Kobe Bryant’s daughter: unmatched work ethic, constant smile


NEWPORT BEACH, Calif. (AP) — Kobe Bryant’s daughter Gianna always wore a smile and looked out for the underdog, a leader in her own right at the tender age of 13. Christina Mauser poured her heart and soul into coaching and teaching physical education at the school where the young Bryant and her basketball star father were an integral part of the community.

Flower bouquets were laid at the entrance to the Harbor Day School in Newport Beach, a campus that was grieving Monday, a day after a helicopter carrying the basketball superstar, his daughter, Mauser, and six others to a youth basketball tournament crashed. All aboard perished.

A memorial to Kobe Bryant, his daughter and seven others at the Mamba Sports Academy in Thousand Oaks, Calif., is seen Monday morning, Jan. 27, 2020. AP Photo/Stefanie Dazio)

“This loss is indescribable,” the school said in a statement, describing Gianna as someone who never left anyone out, was mature beyond her years and had an unmatched work ethic.

“Gianna has left an indelible mark on the school and the people that she’s touched,” the statement said, adding that Kobe Bryant “was a respected and active member of the school community. Our students took great pride in seeing Mr. Bryant on campus regularly.”

RELATED: Valley fans remember NBA legend Kobe Bryant

HarborDay is a private school in the idyllic seaside community where Bryant lived. Mauser, of nearby Huntington Beach, helped guide the school’s eighth-grade basketball team to its first championship when she taught and coached at the school from 2007 to 2018, the school said.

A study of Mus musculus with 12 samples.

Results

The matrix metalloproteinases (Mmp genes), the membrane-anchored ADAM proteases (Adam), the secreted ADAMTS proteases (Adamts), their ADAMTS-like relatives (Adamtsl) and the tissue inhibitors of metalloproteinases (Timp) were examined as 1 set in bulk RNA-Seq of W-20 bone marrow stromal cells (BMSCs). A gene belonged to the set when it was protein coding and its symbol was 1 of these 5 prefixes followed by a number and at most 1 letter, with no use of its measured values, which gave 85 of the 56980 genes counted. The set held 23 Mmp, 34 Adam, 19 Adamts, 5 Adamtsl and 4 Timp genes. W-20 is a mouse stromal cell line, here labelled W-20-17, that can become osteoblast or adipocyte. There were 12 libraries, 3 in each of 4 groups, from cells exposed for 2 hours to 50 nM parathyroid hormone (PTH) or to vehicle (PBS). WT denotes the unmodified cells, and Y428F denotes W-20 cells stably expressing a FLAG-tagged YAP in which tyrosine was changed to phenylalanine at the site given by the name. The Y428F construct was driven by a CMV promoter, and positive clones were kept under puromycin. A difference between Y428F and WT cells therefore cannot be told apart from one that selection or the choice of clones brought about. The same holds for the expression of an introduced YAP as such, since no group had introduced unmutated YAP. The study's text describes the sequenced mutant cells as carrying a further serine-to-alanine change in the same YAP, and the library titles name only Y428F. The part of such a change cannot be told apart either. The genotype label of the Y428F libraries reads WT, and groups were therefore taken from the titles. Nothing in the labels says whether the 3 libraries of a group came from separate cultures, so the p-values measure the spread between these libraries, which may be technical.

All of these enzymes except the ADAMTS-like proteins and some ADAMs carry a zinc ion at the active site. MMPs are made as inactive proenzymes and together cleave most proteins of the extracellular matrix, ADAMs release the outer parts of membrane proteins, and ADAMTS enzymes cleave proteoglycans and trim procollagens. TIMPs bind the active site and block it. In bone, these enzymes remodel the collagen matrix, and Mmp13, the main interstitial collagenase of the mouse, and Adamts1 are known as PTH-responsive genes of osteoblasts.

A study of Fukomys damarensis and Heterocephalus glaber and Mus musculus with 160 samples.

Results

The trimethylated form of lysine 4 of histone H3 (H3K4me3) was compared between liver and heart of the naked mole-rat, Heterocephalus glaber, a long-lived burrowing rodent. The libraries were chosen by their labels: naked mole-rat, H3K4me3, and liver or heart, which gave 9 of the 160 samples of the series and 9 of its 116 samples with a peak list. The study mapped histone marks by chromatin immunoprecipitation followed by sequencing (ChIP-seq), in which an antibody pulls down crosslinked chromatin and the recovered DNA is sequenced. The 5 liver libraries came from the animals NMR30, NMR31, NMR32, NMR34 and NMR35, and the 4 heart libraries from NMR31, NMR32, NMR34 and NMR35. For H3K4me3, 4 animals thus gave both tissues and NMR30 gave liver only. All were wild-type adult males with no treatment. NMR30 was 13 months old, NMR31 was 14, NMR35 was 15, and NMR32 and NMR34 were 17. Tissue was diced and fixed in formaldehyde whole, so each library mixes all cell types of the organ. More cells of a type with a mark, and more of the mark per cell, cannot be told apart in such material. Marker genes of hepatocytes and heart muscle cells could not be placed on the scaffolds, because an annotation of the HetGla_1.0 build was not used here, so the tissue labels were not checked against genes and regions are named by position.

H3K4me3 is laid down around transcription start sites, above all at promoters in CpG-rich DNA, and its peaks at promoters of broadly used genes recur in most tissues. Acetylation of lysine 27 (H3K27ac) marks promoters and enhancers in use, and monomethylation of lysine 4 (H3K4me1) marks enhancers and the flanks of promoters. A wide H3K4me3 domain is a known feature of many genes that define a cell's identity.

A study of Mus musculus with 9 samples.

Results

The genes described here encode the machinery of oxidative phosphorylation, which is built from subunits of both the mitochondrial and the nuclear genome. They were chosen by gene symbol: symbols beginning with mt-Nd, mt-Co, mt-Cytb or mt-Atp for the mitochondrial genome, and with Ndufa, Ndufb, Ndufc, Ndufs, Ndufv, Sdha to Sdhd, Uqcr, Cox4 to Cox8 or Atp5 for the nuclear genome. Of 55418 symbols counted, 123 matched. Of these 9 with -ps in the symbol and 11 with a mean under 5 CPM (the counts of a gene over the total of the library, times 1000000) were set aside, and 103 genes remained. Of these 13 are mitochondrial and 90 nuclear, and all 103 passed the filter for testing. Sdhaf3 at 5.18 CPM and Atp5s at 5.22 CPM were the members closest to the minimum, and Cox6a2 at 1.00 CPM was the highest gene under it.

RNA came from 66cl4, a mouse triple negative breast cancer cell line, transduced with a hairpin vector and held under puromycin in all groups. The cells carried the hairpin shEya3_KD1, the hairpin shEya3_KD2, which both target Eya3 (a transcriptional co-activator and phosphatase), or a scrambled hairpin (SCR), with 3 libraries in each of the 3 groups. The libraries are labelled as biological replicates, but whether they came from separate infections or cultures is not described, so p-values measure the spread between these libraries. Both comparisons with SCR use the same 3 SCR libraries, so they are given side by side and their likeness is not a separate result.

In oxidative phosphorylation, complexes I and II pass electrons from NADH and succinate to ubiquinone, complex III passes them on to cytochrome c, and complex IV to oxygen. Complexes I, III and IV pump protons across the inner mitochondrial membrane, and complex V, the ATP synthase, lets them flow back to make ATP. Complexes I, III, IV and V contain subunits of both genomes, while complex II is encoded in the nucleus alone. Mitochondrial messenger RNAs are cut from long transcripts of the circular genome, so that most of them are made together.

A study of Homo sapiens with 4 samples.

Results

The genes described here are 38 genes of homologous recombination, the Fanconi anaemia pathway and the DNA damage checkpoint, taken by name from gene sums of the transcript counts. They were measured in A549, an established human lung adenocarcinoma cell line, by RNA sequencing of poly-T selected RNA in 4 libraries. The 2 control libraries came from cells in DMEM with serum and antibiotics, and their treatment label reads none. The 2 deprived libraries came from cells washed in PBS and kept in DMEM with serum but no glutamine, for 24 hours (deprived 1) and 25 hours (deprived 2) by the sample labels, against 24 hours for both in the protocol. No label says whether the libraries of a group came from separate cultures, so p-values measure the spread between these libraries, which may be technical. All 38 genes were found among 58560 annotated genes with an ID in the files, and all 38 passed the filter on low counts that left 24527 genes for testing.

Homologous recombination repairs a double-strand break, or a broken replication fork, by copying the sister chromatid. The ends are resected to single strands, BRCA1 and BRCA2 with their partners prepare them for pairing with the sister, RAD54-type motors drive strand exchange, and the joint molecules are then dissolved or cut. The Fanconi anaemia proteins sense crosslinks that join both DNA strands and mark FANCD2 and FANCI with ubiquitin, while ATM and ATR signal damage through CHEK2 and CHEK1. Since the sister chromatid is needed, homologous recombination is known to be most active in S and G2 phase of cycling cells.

She and her husband Matt taught and coached basketball at the school, which is how they met Bryant, Matt Mauser told NBC’s “Today” show.

The mother of three had a keen mind for defense, he said, and Bryant brought her on to help coach that skill at his Mamba Academy training facility where Gianna’s club team played.

“They called her the mother of defense — MOD,” he said.

“She was just an amazing person: beautiful, smart, funny,” Mauser said. “He didn’t pick her because she was a slouch. He picked her because she was amazing.”

At the school, some students arrived Monday wearing purple and gold, the colors of Bryant’s Los Angeles Lakers.

Maria Paun, 81, stopped by to lay flowers at the campus where she said she remembered waiting to pick up her granddaughter more than a decade ago while Bryant waited for his eldest daughter.

“He said, I like your accent, Grandma,” she recalled through tears. “He was somebody. And I am a nobody. But he bent down to give me a hug.”

Also among the victims of Sunday’s crash were Payton Chester, a 13-year-old member of the basketball team, and her mother Sarah, Payton’s grandmother Catherine George told KNBC-4 in Los Angeles.

Orange Coast College’s longtime baseball coach John Altobelli, his wife Keri and their daughter Alyssa were also on board, said Tony Altobelli, the coach’s brother. Alyssa also played on Gianna’s team, which was coached by Bryant; Mauser was the assistant coach.

Altobelli coached at the college for 28 years, won a state championship last season and was named “National Coach of the Year” last year for his division, his brother said.

On Sunday, coaches, friends and former players gathered at the baseball field on the Costa Mesa campus where Altobelli had been known to mow the grass until turf was installed. They swapped memories of Altobelli laying down carpet in the locker room, chiding the umpire during games, dressing as a pirate for Halloween and providing endless support to his students.

“He treated his team like they were sons of his,” said Jason Kehler, the school’s athletic director.

Nate Johnson, associate head coach, looked around the field and said none of it would have been possible without the man known as “Alto.” Flowers were laid at home plate.

“This whole thing — I joke, it’s the house that Alto built because he built it all,” he said.